Situation of Iranian Bahá’ís

Situation of Baha’is in Iran

Media reports

Reports in the news media about the situation of Iranian Baha’is

The World Post18 December 2016

This article details the arrest of Baha’i Navid Aghdasi who was taken by the Iranian government and given no reason. Aghdasi’s arrest symbolizes the cruelty experienced by religious minorities, particularly the Baha’is, in Iran and the lack of humanity they are treated with.

RNS (Religion News Service)13 July 2016

Iran’s goal to eliminate the largest non-Muslim religious community of their nation: the Baha’is, has come with worldwide protest and outrage. However, there are still signs that their goal is being slowly achieved through increased persecution and the lack of human rights.

Fast Co.exist11 July 2016

This article explains why Iranian-American journalist Maziar Bahari started the Not A Crime Campaign: a movement of street art muralists who paint to expose Iran of its unjust human rights system. Bahari then goes on to say what he pictures the movement will accomplish.

The Village Voice8 July 2016

Fifteen murals are being created in Harlem, New York to raise awareness for journalist Maziar Bahari’s Not A Crime campaign. The movement brings awareness to the lack of education, press freedom, and other human allotted to religious minorities like the Baha’is around the world.

Muftah1 July 2016

This article explains recent and significant events around the seven imprisoned Baha’i religious leaders and the condition of Baha’i human rights in Iran. It debates whether these events have improved or deteriorated the rights of Baha’is in Iran. The article also includes details of the campaign launched by the Baha’i International Community regarding these issues.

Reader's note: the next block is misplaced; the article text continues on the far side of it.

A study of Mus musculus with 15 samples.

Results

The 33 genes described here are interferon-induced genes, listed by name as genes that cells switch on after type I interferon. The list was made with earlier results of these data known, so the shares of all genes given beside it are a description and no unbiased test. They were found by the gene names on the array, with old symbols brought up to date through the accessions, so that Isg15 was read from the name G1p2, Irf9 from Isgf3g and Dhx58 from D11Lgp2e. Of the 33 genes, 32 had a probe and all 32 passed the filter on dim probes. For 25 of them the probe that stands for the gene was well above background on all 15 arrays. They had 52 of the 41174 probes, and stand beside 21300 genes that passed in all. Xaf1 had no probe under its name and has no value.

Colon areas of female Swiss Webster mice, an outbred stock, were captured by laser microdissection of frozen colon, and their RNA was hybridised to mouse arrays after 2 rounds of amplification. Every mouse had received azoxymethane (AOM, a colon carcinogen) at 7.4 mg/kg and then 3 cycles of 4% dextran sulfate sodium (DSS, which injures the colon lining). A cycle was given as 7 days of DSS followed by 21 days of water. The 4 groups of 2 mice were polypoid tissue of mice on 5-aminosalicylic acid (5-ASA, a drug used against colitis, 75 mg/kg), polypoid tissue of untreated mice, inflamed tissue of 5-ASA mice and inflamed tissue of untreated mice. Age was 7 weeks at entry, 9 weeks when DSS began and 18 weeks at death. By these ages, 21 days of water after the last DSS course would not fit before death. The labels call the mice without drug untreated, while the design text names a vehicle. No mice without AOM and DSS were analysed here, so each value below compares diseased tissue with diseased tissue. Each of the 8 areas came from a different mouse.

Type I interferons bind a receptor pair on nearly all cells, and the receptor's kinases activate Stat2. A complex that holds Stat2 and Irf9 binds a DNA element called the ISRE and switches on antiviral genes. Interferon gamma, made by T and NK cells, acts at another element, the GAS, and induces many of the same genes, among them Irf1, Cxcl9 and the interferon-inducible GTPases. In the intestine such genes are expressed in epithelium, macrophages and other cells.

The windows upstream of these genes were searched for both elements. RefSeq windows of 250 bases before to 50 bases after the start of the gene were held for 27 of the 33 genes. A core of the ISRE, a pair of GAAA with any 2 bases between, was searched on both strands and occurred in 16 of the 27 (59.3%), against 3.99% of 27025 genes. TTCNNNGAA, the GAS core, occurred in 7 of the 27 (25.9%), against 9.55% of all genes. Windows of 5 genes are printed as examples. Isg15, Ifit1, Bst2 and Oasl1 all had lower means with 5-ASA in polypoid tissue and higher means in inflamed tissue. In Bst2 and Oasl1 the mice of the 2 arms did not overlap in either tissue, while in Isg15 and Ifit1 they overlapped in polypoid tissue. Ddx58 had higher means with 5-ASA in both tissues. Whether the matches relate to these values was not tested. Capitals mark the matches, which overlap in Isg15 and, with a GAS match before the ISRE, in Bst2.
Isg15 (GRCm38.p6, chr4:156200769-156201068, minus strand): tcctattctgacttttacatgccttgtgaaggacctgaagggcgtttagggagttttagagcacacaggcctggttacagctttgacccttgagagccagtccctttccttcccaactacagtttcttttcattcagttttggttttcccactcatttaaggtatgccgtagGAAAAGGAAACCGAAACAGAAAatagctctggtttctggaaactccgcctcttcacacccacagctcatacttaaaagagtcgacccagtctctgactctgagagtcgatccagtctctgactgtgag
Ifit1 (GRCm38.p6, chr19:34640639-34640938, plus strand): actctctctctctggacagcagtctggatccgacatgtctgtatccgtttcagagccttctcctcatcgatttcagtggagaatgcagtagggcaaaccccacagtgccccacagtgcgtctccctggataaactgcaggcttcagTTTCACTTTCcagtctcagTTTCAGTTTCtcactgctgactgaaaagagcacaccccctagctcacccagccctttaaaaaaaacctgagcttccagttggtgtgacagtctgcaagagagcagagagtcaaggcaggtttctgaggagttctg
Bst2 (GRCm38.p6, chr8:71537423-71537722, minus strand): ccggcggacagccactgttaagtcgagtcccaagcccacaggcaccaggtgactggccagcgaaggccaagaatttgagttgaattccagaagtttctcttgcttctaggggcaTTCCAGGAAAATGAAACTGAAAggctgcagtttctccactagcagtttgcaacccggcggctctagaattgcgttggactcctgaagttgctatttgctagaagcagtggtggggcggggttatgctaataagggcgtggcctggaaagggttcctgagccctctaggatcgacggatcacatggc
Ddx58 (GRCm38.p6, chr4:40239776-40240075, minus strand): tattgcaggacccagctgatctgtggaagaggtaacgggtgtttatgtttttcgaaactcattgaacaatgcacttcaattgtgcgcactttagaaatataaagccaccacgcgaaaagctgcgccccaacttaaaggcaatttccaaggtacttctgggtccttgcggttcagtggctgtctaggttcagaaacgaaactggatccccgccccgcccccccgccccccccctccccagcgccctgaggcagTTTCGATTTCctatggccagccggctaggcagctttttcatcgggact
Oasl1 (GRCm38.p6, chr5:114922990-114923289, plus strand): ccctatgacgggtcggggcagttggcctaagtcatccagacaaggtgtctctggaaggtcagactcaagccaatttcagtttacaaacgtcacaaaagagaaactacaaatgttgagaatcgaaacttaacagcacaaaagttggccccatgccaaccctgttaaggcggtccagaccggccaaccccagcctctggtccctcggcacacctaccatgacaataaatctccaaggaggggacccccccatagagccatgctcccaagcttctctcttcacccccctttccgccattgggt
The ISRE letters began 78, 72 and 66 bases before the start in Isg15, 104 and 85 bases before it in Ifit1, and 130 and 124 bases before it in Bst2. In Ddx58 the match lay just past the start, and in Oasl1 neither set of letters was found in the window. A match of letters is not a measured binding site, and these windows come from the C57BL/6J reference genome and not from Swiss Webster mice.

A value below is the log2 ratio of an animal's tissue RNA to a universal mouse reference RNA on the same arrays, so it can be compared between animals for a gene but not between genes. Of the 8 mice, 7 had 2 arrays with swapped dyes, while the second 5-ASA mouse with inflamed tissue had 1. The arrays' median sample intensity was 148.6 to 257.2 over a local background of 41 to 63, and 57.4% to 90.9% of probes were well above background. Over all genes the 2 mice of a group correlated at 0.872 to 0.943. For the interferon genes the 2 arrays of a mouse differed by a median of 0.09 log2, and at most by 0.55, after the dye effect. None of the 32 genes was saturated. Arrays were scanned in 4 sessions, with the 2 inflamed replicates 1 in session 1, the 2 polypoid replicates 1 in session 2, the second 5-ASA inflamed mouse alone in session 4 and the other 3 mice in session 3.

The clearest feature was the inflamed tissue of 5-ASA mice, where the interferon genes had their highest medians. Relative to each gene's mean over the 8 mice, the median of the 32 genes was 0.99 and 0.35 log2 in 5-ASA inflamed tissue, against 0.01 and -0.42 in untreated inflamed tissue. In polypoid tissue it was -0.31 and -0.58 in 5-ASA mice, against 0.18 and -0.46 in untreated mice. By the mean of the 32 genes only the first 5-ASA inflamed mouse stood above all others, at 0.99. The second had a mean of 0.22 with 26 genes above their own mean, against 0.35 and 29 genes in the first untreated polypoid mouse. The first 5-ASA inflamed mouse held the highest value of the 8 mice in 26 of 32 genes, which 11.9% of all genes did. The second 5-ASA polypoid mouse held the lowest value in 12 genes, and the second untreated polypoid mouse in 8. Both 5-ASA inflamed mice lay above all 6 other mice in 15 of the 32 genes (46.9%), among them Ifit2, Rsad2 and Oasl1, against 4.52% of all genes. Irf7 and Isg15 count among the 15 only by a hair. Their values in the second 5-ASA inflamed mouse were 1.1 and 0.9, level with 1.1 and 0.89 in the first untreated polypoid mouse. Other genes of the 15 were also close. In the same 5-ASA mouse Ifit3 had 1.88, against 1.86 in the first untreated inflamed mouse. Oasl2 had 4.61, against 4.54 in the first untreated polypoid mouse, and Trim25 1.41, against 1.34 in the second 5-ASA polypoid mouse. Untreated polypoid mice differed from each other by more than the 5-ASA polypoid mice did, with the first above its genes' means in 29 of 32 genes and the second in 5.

Columbia University SIPA5 June 2016

This paper looks in to the situation of Iran’s persecuted Baha'i community in the context of the Islamic Republic’s legal framework as well as President Hassan Rouhani’s proposed Citizenship Rights Charter.

International Campaign for Human Rights in Iran1 June 2016

Following a meeting with a former Iranian president’s daughter, Baha’i prisoner and leader, Fariba Kamalabadi and some twenty-five other female political prisoners are being collectively punished by the Iranian government. The women, wrongly imprisoned in the first place, now are forbidden to send letters to family and friends or take furloughs.

New York Times18 May 2016

A visit by Faezeh Hashemi, a daughter of the former president of Iran, to the home of Farba Kamalabadi, a Baha’i leader, highlighted the harsh treatment of the religious minority and sparked controversy within the Iranian government and amongst its citizens.

ABC News Australia18 May 2016

Australia’s former top lawyers and judges demand the release of the seven Baha’i leaders imprisoned in Iran.

BBC18 May 2016

While on leave from prison, Fariba Kamalabadi, a Baha’i female leader met with her friend, Faezeh Hashemi, the daughter of former Iranian president, provoking an uproar in the Iranian government and amongst its citizens.

Daily Mail16 May 2016

Faezeh Hashemi, daughter of former Iranian President Rafsanjani, met Fariba Kamalabadi, a Baha’i leader on leave from prison. The meeting has stirred controversy within the Iranian government while Hashemi’s father has declared his rebuke of the action.

Business Standard14 May 2016

The U.S. requests that Iran free seven leaders of the persecuted Baha’i faith serving 20-year prison sentences. The leaders have been imprisoned for over eight years.

CNN14 May 2016

The U.S. condemns the arrests of the Baha’i leaders by the Iranian government, saying the arrest of the Baha’i leaders is representative of the lack of human rights given to Iran’s minorities.

The Washington Post12 May 2016

Although changes have been made in the Iranian government that have promised change, Baha’is, considered “the most persecuted group in Iran,” have seen little improvement in their human rights and continue to be targeted from a young age.

Times Higher Education27 April 2016

This article gives a first-hand account of a Baha’i girl who was forced to leave Iran because of religious persecution and a lack of education. She reflects on what it is like to live under these conditions and what needs to change in order to achieve justice in human rights and in education in Iran.